OCEAN CITY – Nearly $80,000 in grant funding will allow the resort to develop a strategic plan for completing its continuous bike path.
In a meeting of the Ocean City Bicycle and Pedestrian Advisory Committee this week, President Paul Mauser announced the town had been awarded $79,700 through the Maryland Department of Transportation’s (MDOT) Kim Lamphier Bikeways Network Program. He said the grant funding will allow the town to hire a consultant for the development of a strategic plan that will be used to further its bicycle network.
“Basically, we want to develop alternative bike routes to Coastal Highway,” he said.
In recent years, the town embarked on a multi-phased initiative to install a continuous bike route from one end of Ocean City to the other without using Coastal Highway and other busy thoroughfares. And by and large, the resort has succeeded in using side streets, alleys, parking lots and more.
Councilman Tony DeLuca, committee liaison, told members this week he expected the strategic plan to further the town’s effort in making Ocean City a more bikeable community.
“We know there are possibilities, it’s just connecting the dots …,” he said. “My hope is that they come up with some great ideas for us to have an alternate route.”
Mauser told the committee this week a strategic plan would provide preliminary designs and cost estimates for four or five proposed biking corridors in town.
“There will be a lot of different options discussed,” he said.
In 2018, the town sought $80,000 in Bikeways funding to hire a consultant that would develop a bike master plan for the town. That application, however, was denied because the request did not meet the criteria for eligible projects.
Since then, Planning and Community Development Director Bill Neville has agreed to develop an abbreviated master plan in-house, an effort that is currently ongoing. But earlier this summer, the town applied to the MDOT Bikeways Program once more after learning it would be eligible for funding to complete a strategic plan.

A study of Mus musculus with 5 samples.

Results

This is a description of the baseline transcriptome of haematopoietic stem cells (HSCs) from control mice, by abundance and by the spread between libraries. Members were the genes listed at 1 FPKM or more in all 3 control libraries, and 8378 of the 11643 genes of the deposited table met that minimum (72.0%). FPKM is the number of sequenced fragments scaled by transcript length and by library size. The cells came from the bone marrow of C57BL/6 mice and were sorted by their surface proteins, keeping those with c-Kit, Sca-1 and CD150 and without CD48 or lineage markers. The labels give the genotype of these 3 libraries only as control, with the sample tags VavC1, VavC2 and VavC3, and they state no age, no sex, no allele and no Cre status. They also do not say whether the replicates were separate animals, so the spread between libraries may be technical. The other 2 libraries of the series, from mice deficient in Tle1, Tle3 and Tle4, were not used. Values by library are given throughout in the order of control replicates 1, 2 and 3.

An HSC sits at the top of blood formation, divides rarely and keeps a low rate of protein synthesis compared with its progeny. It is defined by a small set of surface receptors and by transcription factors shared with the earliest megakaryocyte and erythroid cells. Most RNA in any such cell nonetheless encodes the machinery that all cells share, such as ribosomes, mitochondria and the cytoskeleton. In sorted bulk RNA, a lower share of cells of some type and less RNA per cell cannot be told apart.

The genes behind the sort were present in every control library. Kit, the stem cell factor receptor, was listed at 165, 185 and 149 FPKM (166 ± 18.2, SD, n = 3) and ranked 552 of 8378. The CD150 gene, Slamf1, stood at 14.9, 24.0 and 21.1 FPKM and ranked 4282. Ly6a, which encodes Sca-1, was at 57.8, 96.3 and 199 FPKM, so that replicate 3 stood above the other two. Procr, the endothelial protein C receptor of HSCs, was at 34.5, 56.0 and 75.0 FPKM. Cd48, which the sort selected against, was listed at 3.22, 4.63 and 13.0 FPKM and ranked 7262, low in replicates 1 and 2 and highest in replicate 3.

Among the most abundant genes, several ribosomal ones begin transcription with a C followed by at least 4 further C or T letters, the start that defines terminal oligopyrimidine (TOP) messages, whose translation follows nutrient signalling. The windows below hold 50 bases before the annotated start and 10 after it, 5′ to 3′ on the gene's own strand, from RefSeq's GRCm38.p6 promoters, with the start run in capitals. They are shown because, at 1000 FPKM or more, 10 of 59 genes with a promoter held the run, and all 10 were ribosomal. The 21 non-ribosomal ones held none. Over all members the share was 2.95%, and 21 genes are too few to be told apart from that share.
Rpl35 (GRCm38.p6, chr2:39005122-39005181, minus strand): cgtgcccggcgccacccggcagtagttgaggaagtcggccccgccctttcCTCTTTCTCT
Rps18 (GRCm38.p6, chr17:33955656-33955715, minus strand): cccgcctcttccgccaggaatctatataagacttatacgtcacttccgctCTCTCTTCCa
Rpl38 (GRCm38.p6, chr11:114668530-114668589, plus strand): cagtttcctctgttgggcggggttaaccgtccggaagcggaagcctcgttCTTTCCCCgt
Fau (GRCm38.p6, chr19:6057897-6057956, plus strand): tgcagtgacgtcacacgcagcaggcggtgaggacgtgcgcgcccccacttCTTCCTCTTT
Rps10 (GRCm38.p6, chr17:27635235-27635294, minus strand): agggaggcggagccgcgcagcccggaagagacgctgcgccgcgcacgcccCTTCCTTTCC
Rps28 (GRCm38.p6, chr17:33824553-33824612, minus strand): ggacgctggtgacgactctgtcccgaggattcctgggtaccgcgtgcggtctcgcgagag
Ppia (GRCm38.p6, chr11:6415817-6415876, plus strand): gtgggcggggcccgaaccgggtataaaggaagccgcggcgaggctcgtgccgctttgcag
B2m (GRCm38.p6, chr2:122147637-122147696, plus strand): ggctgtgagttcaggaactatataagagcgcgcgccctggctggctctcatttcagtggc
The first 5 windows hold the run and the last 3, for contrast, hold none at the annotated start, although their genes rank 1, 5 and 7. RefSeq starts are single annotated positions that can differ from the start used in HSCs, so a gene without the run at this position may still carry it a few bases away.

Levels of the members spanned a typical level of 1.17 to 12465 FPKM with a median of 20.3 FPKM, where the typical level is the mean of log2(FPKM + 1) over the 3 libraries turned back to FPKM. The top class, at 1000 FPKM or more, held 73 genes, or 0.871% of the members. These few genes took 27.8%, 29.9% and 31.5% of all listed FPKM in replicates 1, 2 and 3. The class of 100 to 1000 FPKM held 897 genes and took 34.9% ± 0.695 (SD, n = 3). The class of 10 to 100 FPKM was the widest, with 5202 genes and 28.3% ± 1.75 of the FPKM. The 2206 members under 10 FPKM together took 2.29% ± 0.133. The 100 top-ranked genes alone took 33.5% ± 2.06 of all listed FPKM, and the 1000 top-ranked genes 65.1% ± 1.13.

“It’s different than a master plan in that a master plan is going to inventory every single street in town as a broad brushstroke, whereas a strategic plan is going to be much more actionable,” Mauser said in July.
With the grant award of nearly $80,000, Mauser told the committee this week the town would now begin the process of developing a scope of work for the project, which would be publicly bid to engineering companies later this year.
“We would probably be getting in proposals in January …,” he said. “We will evaluate them as a committee and hopefully sign a contract by February.”
Through the Bikeways Program, MDOT offers grant assistance to jurisdictions and key agencies to improve safety, enhance multimodal connections and fill missing links in the state’s bicycle network.
Since the program’s inception, every county in Maryland has received Bikeways awards, totaling $24 million for 160 projects, of which 114 projects have been completed. This year, the MDOT Kim Lamphier Bikeways Network Program has designated $3.78 million for 19 projects across Maryland.
“Bicycle infrastructure is a key component of Maryland’s transportation system, and this grant program allows the state to support local partners and invest in safety and connectivity for Maryland’s multimodal transportation network,” said MDOT Secretary Greg Slater. “These projects will improve bike and pedestrian access to transit, employment centers, schools, shopping and other destinations, and support economic development and the quality of life in Maryland communities.”
In 2016, Ocean City received more than $50,000 from the program to create a bike route along Sinepuxent Avenue, which runs from 146th Street to Montego Bay. And just last year, the town pursued roughly $60,000 in grant funding to construct a shared bike path in the residential community of Montego Bay, but that application was denied.